The Louisiana Department of Natural Resources (“DNR”) has been working on a new form for state mineral leases. In August of 2016, DNR released for public comment the most recent version of its proposed new lease form. The proposed form contains a number of changes, two of which are significant.
Under the existing state lease form, royalties are calculated as a percentage of the “value” of all oil produced from the lease. The “value” of the oil for calculating royalty is determined using the average price for oil of like grade and quality in the field or, if there is no price in the field, the average of prices posted in the three nearest fields. This is an objectively verifiable formula. In contrast, the proposed lease gives the State the right to manipulate the “value”, and thus the royalties owed, by shopping all oil markets for the best price. The new form provides that in determining the “value” of oil, the State “may consider” a host of factors, including the prices for multiple market postings/indices (such as Light Louisiana Sweet), the prices at “major oil market centers” (such as the St. James market), “any amalgamations of field posted prices,” and “any market adjustments.” This language is extremely broad and ambiguous and, if adopted, will have serious financial impacts on mineral lessees. The lessee would have no way of knowing it had correctly calculated the mineral royalty on oil produced from the lease. DNR, as lessor, could audit the lessee a year (or more) after production and cite any number of “market conditions” that it believes justified a higher value for the oil than the lessee received from its purchaser. Indeed, as currently written, the State could base its “value” on any oil market in the world, regardless of price for the oil actually received by the producer. The lessee would then owe additional royalties based on this higher value, effectively increasing the percentage royalty agreed to by the State in the lease. The proposed method of calculating the “vale” of oil in the proposed lease form is not practicable, and could have a substantial negative impact on industry. Lessees are not capable of transporting their oil to whatever market happens to have the best price that month, so adjusting the value of the oil based on the prices in markets on the opposite side of the state is patently unfair to the lessee. Likewise, companies will be reluctant to make exploration and production investments without knowing, on the front end, what percent of the proceeds received from the sale of production will be owed to the lessor.
While not an actual change from the current lease form, the proposed lease form’s assignment provisions have raised concerns among many in the industry. Currently, if a lessee assigns or transfers the lease to a new lessee, the original lessee remains liable for all lease obligations, even obligations that did not arise until after the assignment. For example, the original lessee is liable to plug and abandon wells drilled by the new lessee. This deters the assignment of leases, because the original lessee cannot control the actions of the new lessee. The proposed lease form, as currently worded, would not change this outcome. But that was not always the case. An earlier version of the proposed lease provided that the original lessee would remain liable for all existing obligations under the lease (think decommissioning obligations for wells already drilled) but would be released from obligations accrued after the assignment (such as wells drilled by the new lessee). This provision is a reasonable way to spread liability and would have brought Louisiana state leases in line with the assignment provisions for federal offshore mineral leases. Unfortunately, the most recent version of the proposed lease form removed this provision, so the original lessee would still be on the hook for all future liabilities.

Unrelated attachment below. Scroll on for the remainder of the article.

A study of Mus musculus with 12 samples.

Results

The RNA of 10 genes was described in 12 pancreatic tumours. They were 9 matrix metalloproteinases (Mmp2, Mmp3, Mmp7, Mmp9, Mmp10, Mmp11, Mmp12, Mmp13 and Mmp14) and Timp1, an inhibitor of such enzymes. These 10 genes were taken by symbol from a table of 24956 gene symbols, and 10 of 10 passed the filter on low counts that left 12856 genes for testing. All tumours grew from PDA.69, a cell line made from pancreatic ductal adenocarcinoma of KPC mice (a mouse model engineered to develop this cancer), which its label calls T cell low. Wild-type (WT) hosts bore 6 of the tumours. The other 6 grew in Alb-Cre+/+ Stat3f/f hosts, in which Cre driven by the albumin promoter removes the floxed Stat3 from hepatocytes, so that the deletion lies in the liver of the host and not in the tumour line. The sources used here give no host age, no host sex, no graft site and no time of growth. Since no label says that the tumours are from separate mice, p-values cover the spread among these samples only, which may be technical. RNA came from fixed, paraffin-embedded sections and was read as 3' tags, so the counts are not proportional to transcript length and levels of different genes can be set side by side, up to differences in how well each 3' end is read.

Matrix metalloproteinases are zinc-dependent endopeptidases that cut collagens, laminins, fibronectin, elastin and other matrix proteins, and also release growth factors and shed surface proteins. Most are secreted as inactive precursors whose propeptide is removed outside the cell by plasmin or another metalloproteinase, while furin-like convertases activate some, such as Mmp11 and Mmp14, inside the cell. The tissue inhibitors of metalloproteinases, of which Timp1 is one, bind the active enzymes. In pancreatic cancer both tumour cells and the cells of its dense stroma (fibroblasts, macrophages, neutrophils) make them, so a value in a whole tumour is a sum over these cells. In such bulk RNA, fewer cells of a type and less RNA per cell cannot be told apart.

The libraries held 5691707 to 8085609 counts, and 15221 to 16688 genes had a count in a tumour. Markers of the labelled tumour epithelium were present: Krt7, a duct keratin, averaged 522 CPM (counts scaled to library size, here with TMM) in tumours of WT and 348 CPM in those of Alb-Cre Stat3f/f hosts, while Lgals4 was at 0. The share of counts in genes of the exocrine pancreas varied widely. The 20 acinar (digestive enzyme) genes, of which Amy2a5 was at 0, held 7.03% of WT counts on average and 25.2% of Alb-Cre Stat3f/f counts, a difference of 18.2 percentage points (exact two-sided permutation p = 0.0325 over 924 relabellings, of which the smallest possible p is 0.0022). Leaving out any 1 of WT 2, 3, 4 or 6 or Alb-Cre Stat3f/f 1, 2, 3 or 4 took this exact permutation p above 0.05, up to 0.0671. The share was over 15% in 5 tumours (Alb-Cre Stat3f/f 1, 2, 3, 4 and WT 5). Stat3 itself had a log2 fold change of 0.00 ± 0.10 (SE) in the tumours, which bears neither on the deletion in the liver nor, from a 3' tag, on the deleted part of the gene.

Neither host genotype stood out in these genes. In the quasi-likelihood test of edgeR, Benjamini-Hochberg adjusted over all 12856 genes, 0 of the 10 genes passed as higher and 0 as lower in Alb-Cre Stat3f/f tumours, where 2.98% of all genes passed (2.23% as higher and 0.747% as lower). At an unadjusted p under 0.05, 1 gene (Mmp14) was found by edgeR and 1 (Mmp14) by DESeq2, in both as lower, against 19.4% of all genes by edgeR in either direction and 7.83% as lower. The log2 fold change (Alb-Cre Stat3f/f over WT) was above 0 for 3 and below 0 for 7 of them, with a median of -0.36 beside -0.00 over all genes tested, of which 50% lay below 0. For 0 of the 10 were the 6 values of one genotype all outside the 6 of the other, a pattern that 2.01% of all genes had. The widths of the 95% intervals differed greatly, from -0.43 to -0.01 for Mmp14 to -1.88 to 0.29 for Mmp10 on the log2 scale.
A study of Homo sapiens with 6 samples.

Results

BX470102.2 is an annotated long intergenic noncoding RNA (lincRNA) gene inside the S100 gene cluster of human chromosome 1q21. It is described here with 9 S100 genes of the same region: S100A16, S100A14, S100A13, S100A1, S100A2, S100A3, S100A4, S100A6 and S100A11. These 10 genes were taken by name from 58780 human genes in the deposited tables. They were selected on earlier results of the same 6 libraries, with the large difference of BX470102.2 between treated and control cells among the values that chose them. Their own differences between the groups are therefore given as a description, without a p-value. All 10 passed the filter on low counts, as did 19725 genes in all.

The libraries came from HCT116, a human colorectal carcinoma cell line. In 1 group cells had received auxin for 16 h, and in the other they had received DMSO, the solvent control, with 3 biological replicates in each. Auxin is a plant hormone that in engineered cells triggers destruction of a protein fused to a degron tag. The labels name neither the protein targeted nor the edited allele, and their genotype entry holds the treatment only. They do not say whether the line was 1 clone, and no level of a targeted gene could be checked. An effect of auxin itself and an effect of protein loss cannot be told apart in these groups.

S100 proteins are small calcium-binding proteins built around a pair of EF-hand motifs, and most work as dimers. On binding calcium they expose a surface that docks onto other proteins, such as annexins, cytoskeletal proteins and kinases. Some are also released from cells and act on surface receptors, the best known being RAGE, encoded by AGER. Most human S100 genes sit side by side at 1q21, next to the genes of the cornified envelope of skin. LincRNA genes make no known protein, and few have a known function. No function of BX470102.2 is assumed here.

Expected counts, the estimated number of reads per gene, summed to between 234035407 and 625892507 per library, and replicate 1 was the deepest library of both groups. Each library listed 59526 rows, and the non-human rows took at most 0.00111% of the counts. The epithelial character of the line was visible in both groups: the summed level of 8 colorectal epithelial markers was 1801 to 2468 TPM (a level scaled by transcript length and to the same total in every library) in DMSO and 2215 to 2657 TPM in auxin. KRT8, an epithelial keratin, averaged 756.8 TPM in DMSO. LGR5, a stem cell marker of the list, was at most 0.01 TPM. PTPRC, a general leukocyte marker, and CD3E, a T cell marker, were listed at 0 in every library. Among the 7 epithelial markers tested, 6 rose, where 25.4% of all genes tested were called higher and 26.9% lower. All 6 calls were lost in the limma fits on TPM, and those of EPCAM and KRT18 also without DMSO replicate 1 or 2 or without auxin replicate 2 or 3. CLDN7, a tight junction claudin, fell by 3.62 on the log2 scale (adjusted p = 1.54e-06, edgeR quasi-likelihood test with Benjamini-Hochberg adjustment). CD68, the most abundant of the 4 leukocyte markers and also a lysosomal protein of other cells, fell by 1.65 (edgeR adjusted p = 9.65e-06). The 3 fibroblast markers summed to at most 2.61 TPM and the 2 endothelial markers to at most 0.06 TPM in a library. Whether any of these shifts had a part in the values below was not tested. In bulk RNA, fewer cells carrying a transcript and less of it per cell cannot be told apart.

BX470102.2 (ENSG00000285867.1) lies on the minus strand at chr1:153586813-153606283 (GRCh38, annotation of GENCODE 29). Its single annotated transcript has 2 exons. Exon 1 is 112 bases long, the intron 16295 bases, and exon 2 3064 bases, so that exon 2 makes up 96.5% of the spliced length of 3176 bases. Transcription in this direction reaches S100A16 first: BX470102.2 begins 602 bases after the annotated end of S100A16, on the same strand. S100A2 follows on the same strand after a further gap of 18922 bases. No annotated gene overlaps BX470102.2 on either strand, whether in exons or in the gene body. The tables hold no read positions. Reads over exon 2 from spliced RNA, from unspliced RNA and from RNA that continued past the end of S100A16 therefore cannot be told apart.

There is hope that the lease provisions discussed above will be revised. Over 70 oil and gas related companies submitted letters to DNR opposing the provisions and suggesting practicable changes. The public comment period for the most recent draft of the proposed lease form ended on August 31, 2016. Based on the comments received, DNR has again revised the proposed lease form. The new revisions are being released for review and public comment in four groups, with a separate public meeting for each group. The assignment and royalty provisions discussed above are part of the third group and fourth group, respectively; the public meetings for the third group and fourth group are July 12, 2017 and August 9, 2017. We will continue to monitor this development and post updates to our website as they become available (www.carverdarden.com). If you have any questions regarding the proposed lease form or your own lease, please contact the firm at (504) 585-3800.